CHENNAI: The allopathy versus traditional medicine crossfire in Tamil Nadu has intensified, with the MGR Medical University pulling out the allopathy content from the traditional medicine syllabus and the Central Council for Indian Medicine(CCIM) threatening to withdraw recognition for such courses.
Caught in melee are 1,200-odd students of siddha, unani, ayurveda and homeopathy courses under the MGR university . The university had deleted allopathy portions from the undergraduate syllabus of traditional medicine courses this year as it wanted to curb traditional medicine practitioners from prescribing allopathic drugs.
CCIM, which prescribes the curriculum and syllabus for courses, is not too pleased. "If the university changes the syllabus , it would be a clear violation of the provisions of the Indian Medicine Central Council Act 1970," CCIM secretary P R Sharma said. CCIM has demanded that the university reintroduce the removed syllabus within 30 days failing which it will withdraw recognition and the state council will be asked not to register students passing out of the university .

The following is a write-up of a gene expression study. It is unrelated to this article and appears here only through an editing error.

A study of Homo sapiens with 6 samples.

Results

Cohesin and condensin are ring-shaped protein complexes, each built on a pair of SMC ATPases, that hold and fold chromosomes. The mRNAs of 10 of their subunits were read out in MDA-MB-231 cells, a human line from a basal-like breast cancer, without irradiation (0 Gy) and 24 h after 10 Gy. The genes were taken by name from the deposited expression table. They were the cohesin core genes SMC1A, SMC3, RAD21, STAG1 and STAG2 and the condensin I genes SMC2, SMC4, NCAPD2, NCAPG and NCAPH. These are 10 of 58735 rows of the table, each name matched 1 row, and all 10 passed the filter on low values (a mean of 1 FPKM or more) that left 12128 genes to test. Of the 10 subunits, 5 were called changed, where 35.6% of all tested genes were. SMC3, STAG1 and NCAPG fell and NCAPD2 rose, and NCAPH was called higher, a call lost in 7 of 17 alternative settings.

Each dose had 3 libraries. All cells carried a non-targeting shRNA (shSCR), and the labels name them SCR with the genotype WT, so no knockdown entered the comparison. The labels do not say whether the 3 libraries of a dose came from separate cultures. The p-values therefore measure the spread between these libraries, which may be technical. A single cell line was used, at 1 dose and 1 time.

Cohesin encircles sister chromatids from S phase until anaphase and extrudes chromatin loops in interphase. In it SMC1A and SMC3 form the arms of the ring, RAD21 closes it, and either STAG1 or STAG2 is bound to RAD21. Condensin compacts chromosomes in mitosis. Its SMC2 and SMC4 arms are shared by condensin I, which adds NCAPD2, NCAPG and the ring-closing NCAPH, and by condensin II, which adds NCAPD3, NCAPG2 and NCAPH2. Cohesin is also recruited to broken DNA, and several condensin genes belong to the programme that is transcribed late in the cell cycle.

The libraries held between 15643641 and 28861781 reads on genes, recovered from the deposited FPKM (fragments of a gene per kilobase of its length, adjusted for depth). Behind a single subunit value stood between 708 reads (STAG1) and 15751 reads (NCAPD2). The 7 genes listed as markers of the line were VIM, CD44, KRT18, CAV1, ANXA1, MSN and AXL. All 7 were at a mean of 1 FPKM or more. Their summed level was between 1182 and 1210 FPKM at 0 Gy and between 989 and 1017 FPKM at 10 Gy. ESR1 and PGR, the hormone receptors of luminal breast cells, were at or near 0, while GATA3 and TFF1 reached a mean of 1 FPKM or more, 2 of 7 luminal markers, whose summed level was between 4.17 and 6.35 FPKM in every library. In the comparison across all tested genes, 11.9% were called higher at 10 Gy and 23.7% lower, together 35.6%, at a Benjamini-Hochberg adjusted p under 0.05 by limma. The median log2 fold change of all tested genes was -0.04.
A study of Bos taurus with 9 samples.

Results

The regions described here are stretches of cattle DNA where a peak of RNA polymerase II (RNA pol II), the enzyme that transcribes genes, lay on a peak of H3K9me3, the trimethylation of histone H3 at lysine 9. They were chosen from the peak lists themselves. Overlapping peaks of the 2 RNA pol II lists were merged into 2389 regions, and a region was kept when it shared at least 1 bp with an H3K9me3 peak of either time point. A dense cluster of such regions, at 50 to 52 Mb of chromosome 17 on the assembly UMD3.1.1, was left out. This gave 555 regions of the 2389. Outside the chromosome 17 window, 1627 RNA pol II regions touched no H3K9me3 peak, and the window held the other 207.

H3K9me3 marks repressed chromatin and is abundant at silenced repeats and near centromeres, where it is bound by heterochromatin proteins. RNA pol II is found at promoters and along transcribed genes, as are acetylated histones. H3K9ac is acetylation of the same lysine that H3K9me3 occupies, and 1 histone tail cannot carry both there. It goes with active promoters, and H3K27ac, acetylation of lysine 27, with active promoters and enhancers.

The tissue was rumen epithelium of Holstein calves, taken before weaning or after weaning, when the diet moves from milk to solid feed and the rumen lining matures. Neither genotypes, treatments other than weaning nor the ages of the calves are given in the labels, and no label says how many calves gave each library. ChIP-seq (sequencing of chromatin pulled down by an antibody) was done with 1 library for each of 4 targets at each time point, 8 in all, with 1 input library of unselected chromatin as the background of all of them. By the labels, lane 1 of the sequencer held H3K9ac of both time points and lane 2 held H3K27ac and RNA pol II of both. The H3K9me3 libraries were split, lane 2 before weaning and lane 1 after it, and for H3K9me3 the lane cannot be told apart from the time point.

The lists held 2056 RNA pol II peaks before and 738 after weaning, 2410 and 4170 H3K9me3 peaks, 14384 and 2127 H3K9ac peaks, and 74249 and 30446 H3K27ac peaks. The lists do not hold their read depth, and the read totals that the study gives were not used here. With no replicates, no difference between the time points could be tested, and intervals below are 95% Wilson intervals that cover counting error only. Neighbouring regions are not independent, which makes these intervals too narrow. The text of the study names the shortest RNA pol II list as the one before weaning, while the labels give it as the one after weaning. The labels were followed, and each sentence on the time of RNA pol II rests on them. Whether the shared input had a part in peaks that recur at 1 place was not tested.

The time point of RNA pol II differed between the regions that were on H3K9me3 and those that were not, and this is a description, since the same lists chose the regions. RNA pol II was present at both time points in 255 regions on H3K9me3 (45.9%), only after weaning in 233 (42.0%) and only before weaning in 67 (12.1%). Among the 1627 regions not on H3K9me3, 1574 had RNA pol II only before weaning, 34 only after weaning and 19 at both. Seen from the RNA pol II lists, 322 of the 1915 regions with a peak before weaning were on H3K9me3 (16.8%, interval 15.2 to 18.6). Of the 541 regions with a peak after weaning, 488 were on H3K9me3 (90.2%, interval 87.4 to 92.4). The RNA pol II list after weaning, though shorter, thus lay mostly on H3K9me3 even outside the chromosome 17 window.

University officials confirmed the revision in syllabus. University vice-chancellor Dr Mayil Vahanan Natarajan said the decision to prune the syllabus was taken on the basis of inputs from six senior allopathic doctors. "We have reduced syllabus for MBBS by 20% because we found that students face an overload of information . In Indian medicine stream, we cut down on the syllabus because we thought there were too many irrelevant things," he said. Dr Natarajan said the varsity is planning to change the nomenclature of the degrees it awarded to Indian medicine graduates.
Now, an undergraduate in Ayurveda will no more be Bachelor of Ayurvedic Medicine and Surgery (BAMS) but only Bachelor of Ayurvedic Medicine (BAM). "Why should they be called surgeons when they don't do any surgery?," he said.
Tamil Nadu State Medical Council president Dr M Prakasam welcomed the university decision. "I am glad the purity of Indian medicine is restored . Allowing non-allopathic doctors to prescribe modern medicines and conduct surgery amounts to state-sponsored quackery," he said.